A top state official trying to hold down health care costs says she’s happy to have begun a public discussion on the issue.
But Commissioner Becky Hultberg of the Department of Administration is also challenging those who have questioned the proposals.
Alaska pays about $600 million a year for state employee and retiree health care, a growing amount that threatens to overwhelm the state budget, she said.
She earlier proposed taking some potentially controversial steps such as sending employees south for cheaper care or increasing use of preferred provider networks in an effort to save money.
“We cannot continue to see our health care cost double every decade, we have to do something to bring those costs down,” she said.
Hultberg said she began the discussion she wants to have by meeting with Providence Alaska Medical Center, a hospital for which she once worked and which is not a member of the state’s preferred provider network.
“I thought it was a very productive meeting,” she said.
She said Providence was open to having the conversation, and agreed with her that “we need to have a community dialog about these issues.”
She said she’s only had preliminary discussions with the Alaska State Hospital and Nursing Home Association and planned to meet with physicians groups later this year.
“The response from the providers on the hospital side has been very positive,” she said. “I think they recognize that the sustained price increases that we’ve had over the last decade cannot continue in the future.”
She also called some of the criticism the plan has received “inaccurate and speculative.”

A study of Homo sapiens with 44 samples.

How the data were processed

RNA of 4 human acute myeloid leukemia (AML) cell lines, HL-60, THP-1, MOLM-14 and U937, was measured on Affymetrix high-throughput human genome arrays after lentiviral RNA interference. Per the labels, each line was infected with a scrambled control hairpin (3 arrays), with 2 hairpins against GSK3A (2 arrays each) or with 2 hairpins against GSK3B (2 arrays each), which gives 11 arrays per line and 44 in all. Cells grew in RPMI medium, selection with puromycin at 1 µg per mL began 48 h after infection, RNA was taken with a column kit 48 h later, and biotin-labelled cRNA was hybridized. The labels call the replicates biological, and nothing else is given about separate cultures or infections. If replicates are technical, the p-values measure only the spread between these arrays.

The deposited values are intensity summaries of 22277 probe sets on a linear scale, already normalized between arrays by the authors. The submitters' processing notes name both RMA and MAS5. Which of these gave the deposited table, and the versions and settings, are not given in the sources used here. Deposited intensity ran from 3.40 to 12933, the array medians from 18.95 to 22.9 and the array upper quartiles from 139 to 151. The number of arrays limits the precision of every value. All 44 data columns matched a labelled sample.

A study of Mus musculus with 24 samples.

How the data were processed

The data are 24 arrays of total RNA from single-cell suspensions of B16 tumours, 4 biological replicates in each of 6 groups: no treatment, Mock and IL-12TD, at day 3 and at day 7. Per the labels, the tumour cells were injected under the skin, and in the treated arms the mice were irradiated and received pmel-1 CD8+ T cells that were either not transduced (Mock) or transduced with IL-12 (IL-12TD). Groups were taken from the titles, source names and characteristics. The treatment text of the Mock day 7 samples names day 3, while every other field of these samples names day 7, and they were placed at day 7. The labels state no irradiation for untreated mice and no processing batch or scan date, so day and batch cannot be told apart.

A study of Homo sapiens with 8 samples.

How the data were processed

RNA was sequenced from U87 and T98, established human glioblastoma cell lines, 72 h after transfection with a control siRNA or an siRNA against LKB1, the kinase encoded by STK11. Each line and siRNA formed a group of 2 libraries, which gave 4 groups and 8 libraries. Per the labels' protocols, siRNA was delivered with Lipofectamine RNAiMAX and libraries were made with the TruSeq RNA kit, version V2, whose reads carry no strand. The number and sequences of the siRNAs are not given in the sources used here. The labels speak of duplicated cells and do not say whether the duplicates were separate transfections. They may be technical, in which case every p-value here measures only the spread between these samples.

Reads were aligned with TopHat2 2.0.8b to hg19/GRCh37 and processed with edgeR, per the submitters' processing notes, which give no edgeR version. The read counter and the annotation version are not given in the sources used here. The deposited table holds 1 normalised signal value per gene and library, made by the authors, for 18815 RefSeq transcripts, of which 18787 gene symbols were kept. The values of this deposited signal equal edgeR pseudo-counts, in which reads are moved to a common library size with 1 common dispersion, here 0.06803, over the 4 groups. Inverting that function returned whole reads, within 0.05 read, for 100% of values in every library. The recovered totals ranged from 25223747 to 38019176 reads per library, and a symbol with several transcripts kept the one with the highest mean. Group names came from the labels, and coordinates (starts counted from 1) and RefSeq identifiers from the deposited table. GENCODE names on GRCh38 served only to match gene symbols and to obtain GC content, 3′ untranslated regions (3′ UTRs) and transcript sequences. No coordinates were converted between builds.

The “inaccurate” comment, she said, came from Rep. Beth Kerttula, D-Juneau, who questioned earlier this month whether it would actually be cheaper to send people south given the high cost of travel. Rep. Kerttula was quoted in the Juneau Empire [July 10] asking, “How is sending people out of state for treatment going to solve the problem we have here in Alaska with a lack of providers?”
Hultberg said it would be cheaper.
“There clearly would be savings, and we’ve documented that,” she said.
Hultberg’s proposal did not include specifics for how big travel incentives would be, but she said costs are dramatically lower outside Alaska.
And she called “speculative” a concern from Alaska State Employees Association leader Jim Duncan that at some point an optional travel benefit could become a penalty for failing to travel for cheaper care.
Hultberg called it a “misperception” that the state might eventually compel travel and repeated her statement that any travel would be voluntary.
“We have never entertained any discussions about requiring travel to the Lower 48 for health care,” she said.
“We really believe in giving people a choice in their health care services,” she said.
Hultberg also generally challenged several statements from those concerned about the impact on Alaska hospitals of sending patients outside Alaska.
“We believe in supporting a strong health care sector in our communities, that’s clearly very important,” she said.
“There is going to be a higher level of cost in Alaska than in the Lower 48, that is clear,” she said. “I think the real question is how much should the state be paying over what is usual, customary and reasonable in the regional market.”
Hultberg said that despite some negative reaction to her cost-containment proposals, there has been positive reaction as well.
“I have had a number of unsolicited emails saying ‘thank you for taking this effort on,” she said.
• Contact reporter Pat Forgey at 523-2250, or at email@example.com.